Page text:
With a recent Supreme Court decision in place, the year-round ski resort on Jumbo Glacier is one step closer to development. If built, the resort will be the first of its kind in North America. It will also likely be the last of its kind, ever, because at a fundamental level, it simply does not make sense.
If fully completed, the 20-year, billion-dollar development is expected to be the only resort in North America where patrons will be able to ski year-round. The project has been hotly contested since its inception 23 years ago. Throughout this period, it has faced significant local opposition from special interest groups, local communities, and First Nations. Most recently the Ktunaxa First Nations brought the resort before the BC Supreme Court, arguing that its development violated a sacred area for the Ktunaxa Nation. The court has now ruled in favour of the developer, removing one more barrier to the resort’s construction.
But does this development make sense?
Development happens, change happens, and there will always be proponents and opponents of specific projects. Yet, in the case of the Jumbo Glacier Resort, there are a few facts that appear to undermine the viability of the project.
First, the science is clear: The whole concept of a long-term, all-season ski resort is slowly but surely becoming a fantasy. Glaciers across BC are melting and Jumbo Glacier is no exception. It is expected that by 2100, Jumbo Glacier will be largely non-existent. In fact, just looking at the period between 1985 and 2005, the entire Southeastern BC glacial region lost, on average, roughly 15% of its mass. Yet while the science is forecasting increased melting, according to the developer’s own plan it will still take over 20 years to build the proposed resort. This means that by the time the resort is fully operational a further 20 years of melting will have also occurred. The fact is, climate change is eliminating the viability of year-round glacial skiing and as it does so, it is turning Jumbo Resort into an increasingly risky investment.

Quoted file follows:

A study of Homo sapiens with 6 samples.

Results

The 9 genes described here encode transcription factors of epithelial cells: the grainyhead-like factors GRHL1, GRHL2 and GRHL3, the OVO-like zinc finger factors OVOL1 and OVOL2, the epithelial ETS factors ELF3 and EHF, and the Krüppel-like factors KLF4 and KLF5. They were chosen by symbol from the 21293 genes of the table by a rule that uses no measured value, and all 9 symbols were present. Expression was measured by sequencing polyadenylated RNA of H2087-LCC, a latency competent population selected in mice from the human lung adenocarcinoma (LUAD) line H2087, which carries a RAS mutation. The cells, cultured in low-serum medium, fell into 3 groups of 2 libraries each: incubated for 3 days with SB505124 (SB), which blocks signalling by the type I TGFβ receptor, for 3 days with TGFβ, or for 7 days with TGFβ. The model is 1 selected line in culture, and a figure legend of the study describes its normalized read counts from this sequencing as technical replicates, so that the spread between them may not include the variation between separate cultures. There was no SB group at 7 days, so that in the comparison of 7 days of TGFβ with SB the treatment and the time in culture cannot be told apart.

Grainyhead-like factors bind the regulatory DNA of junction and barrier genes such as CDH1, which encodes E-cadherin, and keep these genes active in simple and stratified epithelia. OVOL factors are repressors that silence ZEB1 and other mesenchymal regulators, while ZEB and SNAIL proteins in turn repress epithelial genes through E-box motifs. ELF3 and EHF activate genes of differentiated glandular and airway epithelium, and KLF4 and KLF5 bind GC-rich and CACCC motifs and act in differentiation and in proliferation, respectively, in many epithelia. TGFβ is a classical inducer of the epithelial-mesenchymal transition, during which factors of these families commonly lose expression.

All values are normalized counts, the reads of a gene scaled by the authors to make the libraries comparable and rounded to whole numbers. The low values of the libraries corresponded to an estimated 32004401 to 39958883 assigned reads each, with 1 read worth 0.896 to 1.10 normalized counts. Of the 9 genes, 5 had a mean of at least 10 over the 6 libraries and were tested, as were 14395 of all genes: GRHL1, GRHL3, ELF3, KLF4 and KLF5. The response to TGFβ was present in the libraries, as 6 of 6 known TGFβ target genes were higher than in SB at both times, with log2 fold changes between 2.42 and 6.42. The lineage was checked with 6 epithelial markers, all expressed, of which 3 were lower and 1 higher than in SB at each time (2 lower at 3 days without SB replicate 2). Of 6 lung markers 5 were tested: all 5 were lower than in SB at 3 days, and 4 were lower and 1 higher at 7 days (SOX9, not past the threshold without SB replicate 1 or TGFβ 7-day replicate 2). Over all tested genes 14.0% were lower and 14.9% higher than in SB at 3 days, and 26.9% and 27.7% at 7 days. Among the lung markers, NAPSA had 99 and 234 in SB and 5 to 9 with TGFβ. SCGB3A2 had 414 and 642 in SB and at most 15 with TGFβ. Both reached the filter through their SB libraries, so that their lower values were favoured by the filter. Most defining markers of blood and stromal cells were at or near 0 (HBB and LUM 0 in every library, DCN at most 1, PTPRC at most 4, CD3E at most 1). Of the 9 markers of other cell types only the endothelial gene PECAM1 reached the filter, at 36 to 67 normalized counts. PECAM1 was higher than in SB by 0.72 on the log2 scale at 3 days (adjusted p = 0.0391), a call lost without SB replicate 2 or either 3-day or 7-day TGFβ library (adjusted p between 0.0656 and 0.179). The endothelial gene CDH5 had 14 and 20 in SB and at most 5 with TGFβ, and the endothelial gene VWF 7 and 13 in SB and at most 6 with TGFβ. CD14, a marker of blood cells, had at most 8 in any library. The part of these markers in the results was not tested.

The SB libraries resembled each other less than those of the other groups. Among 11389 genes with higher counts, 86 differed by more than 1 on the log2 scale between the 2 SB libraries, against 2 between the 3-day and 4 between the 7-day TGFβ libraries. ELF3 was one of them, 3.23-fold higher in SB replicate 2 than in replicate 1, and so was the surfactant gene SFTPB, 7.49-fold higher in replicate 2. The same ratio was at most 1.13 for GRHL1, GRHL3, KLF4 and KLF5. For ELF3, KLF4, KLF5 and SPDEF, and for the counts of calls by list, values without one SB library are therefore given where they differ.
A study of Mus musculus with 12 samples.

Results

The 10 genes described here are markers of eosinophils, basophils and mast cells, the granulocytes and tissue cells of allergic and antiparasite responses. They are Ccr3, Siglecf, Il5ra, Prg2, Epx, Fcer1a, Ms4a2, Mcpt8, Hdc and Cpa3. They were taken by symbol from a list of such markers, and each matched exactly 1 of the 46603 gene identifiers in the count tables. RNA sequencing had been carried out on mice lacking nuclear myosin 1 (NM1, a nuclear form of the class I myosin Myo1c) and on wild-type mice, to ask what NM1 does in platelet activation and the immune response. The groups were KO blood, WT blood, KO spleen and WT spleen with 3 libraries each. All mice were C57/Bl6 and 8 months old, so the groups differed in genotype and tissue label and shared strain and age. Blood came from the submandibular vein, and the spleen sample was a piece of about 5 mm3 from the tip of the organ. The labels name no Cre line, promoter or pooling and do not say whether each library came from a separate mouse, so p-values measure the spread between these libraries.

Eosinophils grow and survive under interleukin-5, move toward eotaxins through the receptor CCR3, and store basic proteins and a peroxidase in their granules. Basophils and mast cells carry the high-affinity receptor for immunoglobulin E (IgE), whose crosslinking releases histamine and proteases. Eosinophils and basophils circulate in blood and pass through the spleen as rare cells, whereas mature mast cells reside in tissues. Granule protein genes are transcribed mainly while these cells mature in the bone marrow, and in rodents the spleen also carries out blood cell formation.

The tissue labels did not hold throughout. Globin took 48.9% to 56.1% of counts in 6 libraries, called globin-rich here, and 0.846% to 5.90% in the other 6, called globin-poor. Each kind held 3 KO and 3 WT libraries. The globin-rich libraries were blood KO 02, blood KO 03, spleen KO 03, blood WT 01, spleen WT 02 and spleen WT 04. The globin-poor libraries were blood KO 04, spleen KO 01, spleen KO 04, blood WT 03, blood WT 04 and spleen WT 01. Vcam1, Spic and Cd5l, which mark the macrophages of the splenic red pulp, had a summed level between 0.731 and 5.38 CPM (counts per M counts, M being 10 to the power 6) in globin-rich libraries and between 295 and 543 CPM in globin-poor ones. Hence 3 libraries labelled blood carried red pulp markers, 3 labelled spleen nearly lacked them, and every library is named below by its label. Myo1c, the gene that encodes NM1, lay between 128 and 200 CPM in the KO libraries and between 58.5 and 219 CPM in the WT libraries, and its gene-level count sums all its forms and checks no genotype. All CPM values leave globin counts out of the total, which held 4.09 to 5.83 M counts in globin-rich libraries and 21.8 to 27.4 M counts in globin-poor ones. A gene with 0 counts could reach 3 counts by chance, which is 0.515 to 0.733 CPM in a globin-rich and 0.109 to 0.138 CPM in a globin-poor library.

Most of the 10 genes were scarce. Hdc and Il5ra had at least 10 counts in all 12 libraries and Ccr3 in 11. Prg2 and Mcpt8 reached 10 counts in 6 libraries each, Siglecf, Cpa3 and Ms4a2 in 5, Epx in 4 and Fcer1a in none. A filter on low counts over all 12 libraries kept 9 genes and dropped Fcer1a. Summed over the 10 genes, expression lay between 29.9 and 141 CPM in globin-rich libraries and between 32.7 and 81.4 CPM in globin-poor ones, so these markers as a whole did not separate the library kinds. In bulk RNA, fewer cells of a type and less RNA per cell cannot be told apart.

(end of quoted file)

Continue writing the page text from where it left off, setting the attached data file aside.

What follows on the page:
Second, the Jumbo Resort clearly lacks a social license to continue. Over the last decade, media, governing bodies and special interest groups have conducted several polls and surveys that serve to highlight the significant local opposition to this project. For example, in the 2004 Environmental Assessment over 90% of the thousands of comments received were in opposition to the project. There has been significant local opposition to the idea of the resort from its inception and there continues to be strong opposition from the Ktunaxa First Nation.
Finally, the fact that the provincial government has used $250,000 to create a municipality that has no residents and no infrastructure is troublesome, given the real needs that exist in our province. How this is a good use of taxpayer money or a sound investment decision are both good questions.
Until this week, Jumbo Resort had a deadline to begin construction by this fall, or it would have to undergo a new environmental assessment. Unfortunately, the provincial cabinet passed an order in council this week that may exempt Jumbo Resort from undergoing this assessment. This change is particularly troublesome given the advancements in climate science and in our knowledge of glacier melting, both of which have evolved significantly since Jumbo underwent its last environmental assessment in 2004.
The fact is, the more we learn about glacier science, the less a resort like Jumbo makes sense. Given this, it’s hard to understand why the provincial government is subsidizing and promoting the development of a project that faces significant local opposition and flies in the face of our best scientific understanding of climatic trends.
Twenty years ago we may have thought this project had a promising future. Now we know that future is bleak.